The play within the play has never been as hilarious or precise as it it in Noises Off. It has been explored before, from The Mousetrap in Hamlet, Hannibal in Phantom of the Opera, to even the Kander and Ebb musical Curtains, which will also be put up by LaGrange College in the spring.
However, Noises Off is the play behind the play. It is the story of a perfectly imperfect show, as captivating as it is hilarious, and, in all its ridiculousness, an uncanny parallel to the difficulty of actually putting up a show, for better or worse.
Noises Off is a wacky look at a group of British actors, stage-managers, and their director as they desperately attempt to put up the farcical comedy Nothing On. As could be expected, everything that can go wrong, does.
Act 1 showcases their final dress rehearsal , hours before the show opens, and exposes how frightfully under-rehearsed and unfinished their production is. Set pieces not working and bumbling actors having “postprandial snoozes” are but two of the problems an exasperated and frustrated director must attempt to get them through as they tip-toe closer and closer to opening night.
The second act is a performance midway through their tour, and their manic performance falls apart in front of the audience’s eyes. Though the second act contains almost no dialogue, a series of side-splitting slapstick moments build to a crescendo of comedy. The audience is left to roll and clamor for more.
The third act is a full performance of Nothing On. Emotionally and physically exhausted, the actors do their best to play their biggest and final performance with grace and poise, yet end up…well…you’ll have to see it to find out.
Noises Off presents an interesting challenge to its actors; while all of us play a character, the majority of us also have to play that character playing another character. Not only do we have to know the characters we play as “actors,” but these “actors” also play characters in Nothing On.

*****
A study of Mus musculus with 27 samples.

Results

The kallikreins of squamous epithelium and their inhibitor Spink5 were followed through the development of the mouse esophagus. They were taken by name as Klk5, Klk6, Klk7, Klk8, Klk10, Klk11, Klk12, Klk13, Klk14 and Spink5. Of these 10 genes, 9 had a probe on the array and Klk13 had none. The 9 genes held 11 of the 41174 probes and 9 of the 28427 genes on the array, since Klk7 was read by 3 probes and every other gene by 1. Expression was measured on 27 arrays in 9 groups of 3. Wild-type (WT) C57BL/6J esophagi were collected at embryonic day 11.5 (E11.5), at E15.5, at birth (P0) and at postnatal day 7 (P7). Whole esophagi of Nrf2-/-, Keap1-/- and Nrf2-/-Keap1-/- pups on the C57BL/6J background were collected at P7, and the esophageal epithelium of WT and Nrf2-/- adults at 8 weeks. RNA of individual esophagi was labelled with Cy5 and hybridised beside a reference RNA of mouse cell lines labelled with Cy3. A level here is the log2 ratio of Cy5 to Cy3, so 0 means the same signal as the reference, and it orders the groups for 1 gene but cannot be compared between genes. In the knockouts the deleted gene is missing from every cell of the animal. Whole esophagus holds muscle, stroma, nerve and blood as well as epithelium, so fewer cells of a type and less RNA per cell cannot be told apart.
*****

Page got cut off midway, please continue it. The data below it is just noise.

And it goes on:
In my personal case, the charge is different; I play the director, Lloyd. My fictional job is directing actors, where, in real life, I’m just another actor being directed. However, as I sit in the house with the actual director, Professor Knoll, during rehearsals, I’ve noticed that life’s imitation of art is almost surreal.
While our production of Noises Off is nowhere near the production mess of the farcical Nothing On, it still serves as an interesting funhouse mirror. While actresses in the play drop out of character to ask questions, the cast actually dropped out of character to do the same. Props were misplaced and door handles malfunctioned. These matters occur in every show to some extent. But the minor annoyances inherent in show business are exaggerated in Noises Off, magnified through the lens of art imitating life.
From an actor’s perspective, this show is a gift. Every rehearsal brings us closer not only as a company of actors, but closer to the characters we get to play. The laughs we share are full and genuine, and we’re so excited to share that with an audience.
Noises Off is a love letter to theatre. And if the goal of theatre is to reflect life as truthfully as possible, Noises Off soars, adding just a few more sardines, an unfortunate cactus, and an unforgettable sense of humor.
The show opens at Price Theatre on Wednesday, Oct. 16th at 7 pm. It also runs on the 17th and 19th at 7pm.. On Sunday the 20th, there will be a 2:30 matinee and a final show at 7:30 pm. Box office reservations can be made at firstname.lastname@example.org, or by calling 706-880-8080.
Cole Reihing is a junior Theatre Arts Performance Major from St. Marys, GA. He has been involved in several LaGrange College productions, including August: Osage County, Bedroom Farce, These Shining Lives, and more. He can be seen this week as Lloyd Dallas in Noises Off. Outside of the theatre, he is a member of Delta Tau Delta Fraternity, and is the president of IFC.